This article was updated March 9, 2017.
It's been two years since I shared with you my bittersweet tale about the one that mostly got away. I was one of the early Netflix (NASDAQ:NFLX) investors, only to quickly dump most of my position in the freshly public upstart that would go on to revolutionize the way that we consume video content.
I didn't think that I would revisit this story, but with Netflix stock going on to become the biggest gainer in the S&P 500 in 2015 and moving up in 2016, my story's carnage intensified. What was a $505,845 blunder in 2015 had ballooned into an $802,179 mistake by late 2016. By March 2017 it had blown up to $884,709.
Party like it's 2002
Let's go back 15 years to when Netflix went public. I was skeptical at the time, bashing the business model and the stock. Renting out DVDs by shipping them out of its California distribution center seemed like a lousy proposition, with weeklong round-trip delivery cycles for those of us on the East Coast. The stock went on to tank after the initial buzz, and that's when I decided to kick the tires as a subscriber -- and more importantly as an investor.
Netflix was aggressively building out its network of regional DVD distribution centers, speeding up the gap between disc-enclosed mailers from as long as a week to as little as two days. I went from being arguably Netflix's biggest critic to being its biggest fan, and with the IPO falling out of favor I was able to pick up 500 shares for less than $2,600 in October 2002. I had finally nailed the bottom on a stock, and I wrote about changing my tune on Netflix shortly after that. Anyone heeding the call in that bullish article would be sitting on a 240-bagger.
I could've been doing even better than that. Netflix declared a 2-for-1 stock split two years later, followed by a 7-for-1 split in 2015. The 500 shares at a cost basis of $5.18 would be 7,000 shares at a cost basis of $0.37 -- if only I had held onto them. I would go on to sell most of my shares well before the 2004 split. Ouch.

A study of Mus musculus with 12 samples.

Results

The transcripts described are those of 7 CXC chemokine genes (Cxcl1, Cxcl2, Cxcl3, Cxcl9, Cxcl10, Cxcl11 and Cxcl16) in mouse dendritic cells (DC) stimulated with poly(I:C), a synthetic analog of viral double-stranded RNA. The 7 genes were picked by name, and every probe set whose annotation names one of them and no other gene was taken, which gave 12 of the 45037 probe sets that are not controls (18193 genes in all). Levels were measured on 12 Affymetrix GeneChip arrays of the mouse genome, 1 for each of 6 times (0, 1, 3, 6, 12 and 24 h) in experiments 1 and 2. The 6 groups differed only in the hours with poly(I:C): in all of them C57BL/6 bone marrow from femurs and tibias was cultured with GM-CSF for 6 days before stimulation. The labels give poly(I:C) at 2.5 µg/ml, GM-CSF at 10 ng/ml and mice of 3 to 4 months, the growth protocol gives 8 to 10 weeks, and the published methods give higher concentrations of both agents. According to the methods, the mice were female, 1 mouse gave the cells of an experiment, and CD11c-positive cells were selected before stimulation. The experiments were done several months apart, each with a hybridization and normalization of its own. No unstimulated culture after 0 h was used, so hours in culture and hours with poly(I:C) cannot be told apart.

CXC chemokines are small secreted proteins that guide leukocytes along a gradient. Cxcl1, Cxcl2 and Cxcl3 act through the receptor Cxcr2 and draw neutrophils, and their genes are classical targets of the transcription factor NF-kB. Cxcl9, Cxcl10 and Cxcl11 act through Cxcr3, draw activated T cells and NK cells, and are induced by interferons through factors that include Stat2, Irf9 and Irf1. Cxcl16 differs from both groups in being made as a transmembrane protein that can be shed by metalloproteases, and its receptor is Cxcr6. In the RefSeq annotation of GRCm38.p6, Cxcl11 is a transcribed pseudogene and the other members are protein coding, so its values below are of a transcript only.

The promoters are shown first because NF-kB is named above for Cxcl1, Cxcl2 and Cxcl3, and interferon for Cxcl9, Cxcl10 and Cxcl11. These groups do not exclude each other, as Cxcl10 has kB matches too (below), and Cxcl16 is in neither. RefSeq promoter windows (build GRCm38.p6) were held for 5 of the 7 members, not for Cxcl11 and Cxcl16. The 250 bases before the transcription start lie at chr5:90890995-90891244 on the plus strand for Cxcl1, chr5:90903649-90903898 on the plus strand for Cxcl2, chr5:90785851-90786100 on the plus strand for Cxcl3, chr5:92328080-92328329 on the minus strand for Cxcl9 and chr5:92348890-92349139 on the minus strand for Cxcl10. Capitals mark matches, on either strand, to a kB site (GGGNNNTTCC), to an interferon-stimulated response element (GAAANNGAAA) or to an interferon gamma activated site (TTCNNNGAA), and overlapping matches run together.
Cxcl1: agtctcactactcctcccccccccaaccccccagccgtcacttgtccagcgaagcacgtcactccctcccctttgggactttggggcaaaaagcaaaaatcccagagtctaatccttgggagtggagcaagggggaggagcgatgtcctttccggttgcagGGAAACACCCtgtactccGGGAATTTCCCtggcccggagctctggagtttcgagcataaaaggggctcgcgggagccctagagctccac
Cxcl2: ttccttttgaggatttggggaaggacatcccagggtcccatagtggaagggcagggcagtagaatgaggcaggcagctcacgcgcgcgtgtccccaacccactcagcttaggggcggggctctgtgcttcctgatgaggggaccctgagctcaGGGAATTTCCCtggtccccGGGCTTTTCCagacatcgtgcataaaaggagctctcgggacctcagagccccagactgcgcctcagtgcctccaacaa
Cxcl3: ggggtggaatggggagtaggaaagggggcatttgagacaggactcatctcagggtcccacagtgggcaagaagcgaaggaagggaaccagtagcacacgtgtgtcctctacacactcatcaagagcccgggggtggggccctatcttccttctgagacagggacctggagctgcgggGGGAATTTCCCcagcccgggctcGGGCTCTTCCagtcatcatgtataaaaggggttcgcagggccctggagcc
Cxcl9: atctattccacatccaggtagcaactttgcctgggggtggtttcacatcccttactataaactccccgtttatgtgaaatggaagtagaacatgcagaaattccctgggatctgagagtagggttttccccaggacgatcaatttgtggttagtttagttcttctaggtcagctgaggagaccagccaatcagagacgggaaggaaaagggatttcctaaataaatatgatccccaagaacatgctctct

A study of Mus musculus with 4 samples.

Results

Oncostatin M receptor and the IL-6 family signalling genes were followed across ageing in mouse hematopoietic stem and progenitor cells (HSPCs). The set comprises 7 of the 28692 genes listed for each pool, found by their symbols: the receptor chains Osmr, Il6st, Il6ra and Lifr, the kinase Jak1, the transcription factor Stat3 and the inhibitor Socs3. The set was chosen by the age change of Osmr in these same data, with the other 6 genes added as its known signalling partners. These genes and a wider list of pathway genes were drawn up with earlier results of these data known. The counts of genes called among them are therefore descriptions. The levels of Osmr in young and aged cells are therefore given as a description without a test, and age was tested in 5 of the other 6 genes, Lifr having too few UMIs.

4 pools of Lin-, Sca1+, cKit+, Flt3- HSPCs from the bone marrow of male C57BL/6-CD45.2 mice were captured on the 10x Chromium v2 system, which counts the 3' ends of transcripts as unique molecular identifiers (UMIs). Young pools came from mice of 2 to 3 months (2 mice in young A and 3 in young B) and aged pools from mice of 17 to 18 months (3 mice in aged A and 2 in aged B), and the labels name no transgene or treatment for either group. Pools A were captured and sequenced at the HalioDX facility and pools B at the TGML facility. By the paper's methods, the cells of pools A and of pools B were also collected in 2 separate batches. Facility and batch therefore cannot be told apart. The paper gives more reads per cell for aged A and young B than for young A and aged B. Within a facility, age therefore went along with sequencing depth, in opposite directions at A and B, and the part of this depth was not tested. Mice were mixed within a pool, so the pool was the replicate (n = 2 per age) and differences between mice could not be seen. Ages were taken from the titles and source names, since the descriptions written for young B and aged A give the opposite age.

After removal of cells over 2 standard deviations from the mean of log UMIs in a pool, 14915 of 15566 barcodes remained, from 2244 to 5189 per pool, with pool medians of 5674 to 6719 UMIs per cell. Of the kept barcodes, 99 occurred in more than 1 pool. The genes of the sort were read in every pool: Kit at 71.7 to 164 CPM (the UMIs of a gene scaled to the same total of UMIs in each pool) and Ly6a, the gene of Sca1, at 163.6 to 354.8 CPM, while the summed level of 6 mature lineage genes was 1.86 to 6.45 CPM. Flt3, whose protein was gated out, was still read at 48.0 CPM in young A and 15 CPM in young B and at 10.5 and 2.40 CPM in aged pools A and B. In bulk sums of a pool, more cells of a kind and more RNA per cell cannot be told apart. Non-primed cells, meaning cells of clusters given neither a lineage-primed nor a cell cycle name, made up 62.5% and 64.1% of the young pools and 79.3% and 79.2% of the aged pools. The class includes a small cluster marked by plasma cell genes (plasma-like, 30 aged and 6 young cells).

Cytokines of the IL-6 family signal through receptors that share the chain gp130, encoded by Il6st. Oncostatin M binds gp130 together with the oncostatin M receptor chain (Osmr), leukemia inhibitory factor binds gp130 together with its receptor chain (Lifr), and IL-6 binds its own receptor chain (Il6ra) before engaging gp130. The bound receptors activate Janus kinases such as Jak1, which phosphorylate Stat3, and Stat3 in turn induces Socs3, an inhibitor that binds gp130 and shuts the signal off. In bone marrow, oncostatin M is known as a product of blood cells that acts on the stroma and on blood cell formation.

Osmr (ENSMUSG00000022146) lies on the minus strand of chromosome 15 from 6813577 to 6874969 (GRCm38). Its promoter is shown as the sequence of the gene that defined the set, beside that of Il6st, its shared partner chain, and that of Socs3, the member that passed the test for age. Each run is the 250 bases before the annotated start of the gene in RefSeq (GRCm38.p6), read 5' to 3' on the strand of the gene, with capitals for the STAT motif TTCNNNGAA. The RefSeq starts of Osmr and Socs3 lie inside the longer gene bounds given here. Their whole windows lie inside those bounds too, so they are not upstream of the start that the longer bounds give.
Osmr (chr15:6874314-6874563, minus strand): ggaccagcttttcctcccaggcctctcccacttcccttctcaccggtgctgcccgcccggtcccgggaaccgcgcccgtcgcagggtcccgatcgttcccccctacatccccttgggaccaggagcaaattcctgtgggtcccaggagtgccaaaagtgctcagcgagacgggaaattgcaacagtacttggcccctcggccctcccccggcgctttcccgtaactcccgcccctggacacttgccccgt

The waiting is the hardest part
I've learned the hard way that patience matters when it comes to investing. Netflix began to move higher as the mail-based platform took off, and I sold 80% of my stake in 2003. I got trigger-happy. I should've let the greed consume me instead.
The 100 shares I retained became 200 shares after the split in 2004, but a few years after that I sold half of my position. The stock was a big winner at that point, but this was before Netflix's streaming platform became an international darling and Netflix became the S&P 500's biggest gainer in 2013 and 2015.
One can argue that I shouldn't complain. I still own 10% of my original position, and those 50 shares are now 700 shares at a cost basis of $0.37 apiece. If I ever need to tell the story of my biggest winner I can point to my 300-bagger. However, the split-adjusted 6,300 shares that I sold too soon would be worth more than $884,000 as of March 9, 2017. "That obviously would've gone a long way toward retirement, dreaming, or giving my kids one less reason to be resentful," I wrote in 2015, and the sum only grows as Netflix continues to dominate and redefine the market.
I would like to think that it was a costly but important lesson. When you find a disruptive growth stock early in the market-rattling process, you hold on and see it through. Let my loss be your gain. It's the least that I can do.